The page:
Call it a sign of the times, but Tennessee prosecutors may one day soon be able to charge DNA with a crime. The idea is that charging a genetic profile rather than a person will ensure the statute of limitations doesn’t expire on a crime before the suspect is caught. But, something about the proposed law just doesn’t seem right.
According to WSMV, lawmakers are expected to pass the bill. It passed unanimously in the Senate and is headed to the House next.
It would allow district attorneys to charge DNA with a crime in cases where there is sufficient proof to charge but no suspect identified. Because DNA is usually connected with violent crimes, it would most likely be used in homicides, sex crimes, and serious assaults.
“Victims should never have a knock on the door saying, ‘Good News, we found who did it. Bad news, we didn’t charge DNA so he’s going to go free,’” said the state’s Assistant District Attorney General Roger Moore.
The statute of limitations is a time frame in which a prosecutor can file charges for a crime. After the statute of limitations runs out , the identified suspect can not be charged.
This legal concept dates back to Roman law and is designed to protect the defendant. There are several reasons for it. One of which is that a person can’t be expected to launch a relatively effective defense against a crime that occurred several years ago. Also, the state has a duty to pursue charges in a swift manner whenever possible.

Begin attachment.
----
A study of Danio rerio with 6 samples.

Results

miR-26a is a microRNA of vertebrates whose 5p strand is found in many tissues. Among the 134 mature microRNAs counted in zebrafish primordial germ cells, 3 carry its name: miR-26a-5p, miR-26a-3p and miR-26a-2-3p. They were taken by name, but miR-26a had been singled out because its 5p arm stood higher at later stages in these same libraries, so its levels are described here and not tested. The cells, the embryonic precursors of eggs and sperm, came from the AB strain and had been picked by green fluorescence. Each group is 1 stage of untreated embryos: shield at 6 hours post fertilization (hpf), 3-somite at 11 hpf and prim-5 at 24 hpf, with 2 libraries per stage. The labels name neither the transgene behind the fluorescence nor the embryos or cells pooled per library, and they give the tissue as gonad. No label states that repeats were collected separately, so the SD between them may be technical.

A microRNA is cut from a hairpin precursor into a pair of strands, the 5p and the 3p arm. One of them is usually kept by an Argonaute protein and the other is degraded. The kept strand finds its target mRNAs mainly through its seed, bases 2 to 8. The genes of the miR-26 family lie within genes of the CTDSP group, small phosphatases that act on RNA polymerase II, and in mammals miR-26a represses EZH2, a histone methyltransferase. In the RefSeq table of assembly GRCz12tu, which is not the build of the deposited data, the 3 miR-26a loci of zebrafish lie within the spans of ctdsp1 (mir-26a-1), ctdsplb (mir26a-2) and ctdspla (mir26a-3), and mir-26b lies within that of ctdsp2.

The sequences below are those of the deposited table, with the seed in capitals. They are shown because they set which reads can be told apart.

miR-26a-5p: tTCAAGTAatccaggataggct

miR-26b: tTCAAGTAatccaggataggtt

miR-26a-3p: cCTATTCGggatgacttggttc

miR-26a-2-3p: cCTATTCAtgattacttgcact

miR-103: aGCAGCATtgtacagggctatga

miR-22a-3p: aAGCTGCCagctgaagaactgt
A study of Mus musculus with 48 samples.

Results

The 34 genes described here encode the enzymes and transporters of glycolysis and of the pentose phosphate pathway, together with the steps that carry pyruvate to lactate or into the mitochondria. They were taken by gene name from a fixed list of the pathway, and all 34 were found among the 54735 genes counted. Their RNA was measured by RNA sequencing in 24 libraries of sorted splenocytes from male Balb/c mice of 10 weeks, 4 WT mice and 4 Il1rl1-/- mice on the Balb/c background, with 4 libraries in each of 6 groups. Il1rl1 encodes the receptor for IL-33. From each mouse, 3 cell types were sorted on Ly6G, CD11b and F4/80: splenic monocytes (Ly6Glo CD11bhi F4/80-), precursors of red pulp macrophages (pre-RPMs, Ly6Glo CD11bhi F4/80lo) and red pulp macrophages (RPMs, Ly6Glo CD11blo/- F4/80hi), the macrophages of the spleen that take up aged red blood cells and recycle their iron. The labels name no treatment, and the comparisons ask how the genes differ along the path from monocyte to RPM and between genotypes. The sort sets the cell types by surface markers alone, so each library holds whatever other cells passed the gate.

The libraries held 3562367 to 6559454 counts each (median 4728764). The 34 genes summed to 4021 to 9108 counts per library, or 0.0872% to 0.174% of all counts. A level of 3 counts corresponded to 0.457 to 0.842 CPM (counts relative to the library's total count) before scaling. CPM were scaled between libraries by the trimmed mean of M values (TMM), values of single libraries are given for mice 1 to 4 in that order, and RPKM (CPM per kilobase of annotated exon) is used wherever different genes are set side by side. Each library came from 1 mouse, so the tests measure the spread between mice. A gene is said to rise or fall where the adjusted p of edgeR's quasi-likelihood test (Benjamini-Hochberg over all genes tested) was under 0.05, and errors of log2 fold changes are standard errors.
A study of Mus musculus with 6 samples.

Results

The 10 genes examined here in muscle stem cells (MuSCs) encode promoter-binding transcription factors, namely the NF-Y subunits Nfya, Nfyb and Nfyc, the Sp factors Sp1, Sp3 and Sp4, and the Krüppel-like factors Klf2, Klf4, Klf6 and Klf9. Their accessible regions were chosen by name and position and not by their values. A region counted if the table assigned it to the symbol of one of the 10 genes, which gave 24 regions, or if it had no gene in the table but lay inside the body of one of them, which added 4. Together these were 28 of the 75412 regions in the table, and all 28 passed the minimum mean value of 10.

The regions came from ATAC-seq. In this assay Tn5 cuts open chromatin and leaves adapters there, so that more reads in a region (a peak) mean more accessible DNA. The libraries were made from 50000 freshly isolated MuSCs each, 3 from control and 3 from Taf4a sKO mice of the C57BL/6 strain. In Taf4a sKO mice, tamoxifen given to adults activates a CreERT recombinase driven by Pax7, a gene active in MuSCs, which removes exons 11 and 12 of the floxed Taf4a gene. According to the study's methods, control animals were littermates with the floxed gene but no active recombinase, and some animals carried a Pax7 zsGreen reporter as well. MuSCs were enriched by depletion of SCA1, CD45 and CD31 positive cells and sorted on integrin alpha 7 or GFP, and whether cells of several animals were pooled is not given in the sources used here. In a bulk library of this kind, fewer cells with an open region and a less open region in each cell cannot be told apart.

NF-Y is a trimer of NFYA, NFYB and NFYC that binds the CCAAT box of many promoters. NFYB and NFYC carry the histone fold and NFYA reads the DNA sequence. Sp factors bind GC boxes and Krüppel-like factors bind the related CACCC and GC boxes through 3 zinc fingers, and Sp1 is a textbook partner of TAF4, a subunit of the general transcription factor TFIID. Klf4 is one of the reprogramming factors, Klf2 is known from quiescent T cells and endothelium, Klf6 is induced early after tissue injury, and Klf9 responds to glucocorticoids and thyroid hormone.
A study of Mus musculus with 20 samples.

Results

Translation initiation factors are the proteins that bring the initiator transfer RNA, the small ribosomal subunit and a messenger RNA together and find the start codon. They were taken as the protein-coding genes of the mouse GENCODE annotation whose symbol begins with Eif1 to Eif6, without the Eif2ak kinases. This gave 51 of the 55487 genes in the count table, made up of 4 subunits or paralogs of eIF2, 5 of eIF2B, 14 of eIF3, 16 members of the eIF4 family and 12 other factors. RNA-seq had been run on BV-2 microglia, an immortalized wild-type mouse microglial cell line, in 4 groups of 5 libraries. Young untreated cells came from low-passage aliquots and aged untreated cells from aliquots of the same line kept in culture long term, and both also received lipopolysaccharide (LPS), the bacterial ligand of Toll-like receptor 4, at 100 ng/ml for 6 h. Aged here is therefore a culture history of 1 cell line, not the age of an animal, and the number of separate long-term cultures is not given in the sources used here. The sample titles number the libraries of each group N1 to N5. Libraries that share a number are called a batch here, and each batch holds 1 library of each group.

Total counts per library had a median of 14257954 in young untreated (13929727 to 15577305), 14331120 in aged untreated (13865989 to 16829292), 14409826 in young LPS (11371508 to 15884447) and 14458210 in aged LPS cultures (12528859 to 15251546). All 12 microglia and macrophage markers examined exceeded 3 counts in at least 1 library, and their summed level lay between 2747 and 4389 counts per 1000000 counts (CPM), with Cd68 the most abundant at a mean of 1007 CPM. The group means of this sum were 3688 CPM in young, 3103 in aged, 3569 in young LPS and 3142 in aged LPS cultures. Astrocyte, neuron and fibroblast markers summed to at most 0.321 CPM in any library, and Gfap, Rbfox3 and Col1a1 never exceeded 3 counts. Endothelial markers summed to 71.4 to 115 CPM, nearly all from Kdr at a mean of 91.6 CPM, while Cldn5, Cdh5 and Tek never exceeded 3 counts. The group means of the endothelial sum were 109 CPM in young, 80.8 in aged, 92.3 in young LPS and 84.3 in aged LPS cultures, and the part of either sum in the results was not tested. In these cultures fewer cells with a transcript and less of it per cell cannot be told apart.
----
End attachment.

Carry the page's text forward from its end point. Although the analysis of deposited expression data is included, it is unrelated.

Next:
Both physical evidence and eyewitness testimony can degrade with time, making it less reliable (and we already know eyewitness testimony is extremely fallible). This is another reason the statute of limitations is so crucial in the administration of true justice.
By allowing prosecutors to charge DNA, the state is allowing them to skirt due process. After all, DNA can’t begin to defend itself against the charges and many justifications for the statute of limitations are lost when we are talking about DNA rather than a person.
It’s somewhat shocking that the bill passed the first round of lawmakers without any opposition. It seems lawmakers may be patting themselves on the back for adjusting laws to fit with the changing technology. But while they are busy congratulating themselves and continuing the pro-victim (rather than pro-justice) motivation, they may be chipping away at a crucial element of due process rights.
If you are accused of a crime, whether it happened last week or last year, you need someone who will help fight for your best interests in a court of law. Contact our offices today to discuss your case and how we might be able to help.